Peden's Cave - 4 Things to Know Before Visiting
About Peden's Cave
A beautiful nature feature formed by two rocks, said to have been a hiding place of the Rev A Peden, the noted Covenanter. Traditionally it is said that this cave was used as a hiding place for Covenanters, including the famous Covenanter minister Alexander Peden in the 17th century, mainly during the so called 'Killing Times' of the 1680s
Hotels near Peden's Cave
Hotels to stay near Peden's Cave
Top Trips and Tours in Scotland
Tours and activities in Scotland that might be of interest to you
Attractions Near Peden's Cave
1.27km from Peden's Cave
Auchinleck Castle was a castle built on a rocky promontory on the eastern bank of the Lugar Water, East Ayrshire. The remains of the castle are designated a scheduled ancient monument.
2.03km from Peden's Cave
A finest example of an eighteenth century country villa to survive in Scotland. Once diarist James Boswell’s family seat, this grand 18th-century country house has its own grounds, river, ice-house and grotto. The large dining room and its elaborate plasterwork makes any meal special while the library lends itself to conversation and contemplation, just as it did for James Boswell and Dr Johnson.
2.58km from Peden's Cave
The remains of the old castle of Kingencleugh or Kingenclough lies close to east of the town of Mauchline, East Ayrshire, in the old Barony of Mauchline off the A76. Kingencleugh Castle is situated 320 metres southwest of Kingencleugh. The castle was abandoned once the new house was built. The Campbells held the property until the end of the 18th century.
2.74km from Peden's Cave
Ballochmyle Viaduct is perhaps Britain's most outstanding masonry arch viaduct, and has one of the world's largest masonry arches. It was built 1846-8 for the Glasgow, Paisley, Kilmarnock and Ayr Rly. A splendid 7-arch viaduct with a central span of 181 ft. The viaduct was listed in April 1971 and became a Category A listed structure in January 1989. It was designated a "Historic Civil Engineering Landmark" by the Institution of Civil Engineers.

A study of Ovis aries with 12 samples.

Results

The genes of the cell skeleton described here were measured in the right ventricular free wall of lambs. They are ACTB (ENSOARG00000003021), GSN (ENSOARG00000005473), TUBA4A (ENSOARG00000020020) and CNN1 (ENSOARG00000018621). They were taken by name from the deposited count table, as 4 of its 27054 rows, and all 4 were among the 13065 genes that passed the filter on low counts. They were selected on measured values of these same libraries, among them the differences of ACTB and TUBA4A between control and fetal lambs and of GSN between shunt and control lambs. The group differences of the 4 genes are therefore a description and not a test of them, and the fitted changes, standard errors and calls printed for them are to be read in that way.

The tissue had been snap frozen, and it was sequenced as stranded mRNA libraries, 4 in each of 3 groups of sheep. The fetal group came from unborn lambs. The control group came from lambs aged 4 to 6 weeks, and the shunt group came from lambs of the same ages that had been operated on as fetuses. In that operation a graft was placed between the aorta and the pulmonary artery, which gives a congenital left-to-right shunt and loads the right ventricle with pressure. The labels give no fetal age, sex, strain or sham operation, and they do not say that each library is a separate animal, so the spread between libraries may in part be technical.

3.95km from Peden's Cave
The Lugar Water, or River Lugar, is created by the confluence of the Bellow Water and the Glenmuir Water, just north of Lugar, both of which flow from the hills of the Southern Uplands in Ayrshire. The river flows through the small mining village of Lugar, where at Bellow Mill, William Murdoch, the inventor of gas lighting was born in 1784. A cave where he carried out a lot of his experiments can still be seen on the riverbank.
Discover More Attractions in East Ayrshire Council, Home of Peden's Cave
East Ayrshire Council
East Ayrshire is one of the 32 unitary council areas into which Scotland has been divided since 1996. It covers a large area that extends from Kilmarnock, Stewarton, Newmilns and Darvel in the north to Loch Doon and the edge of the Galloway Forest Park in the south.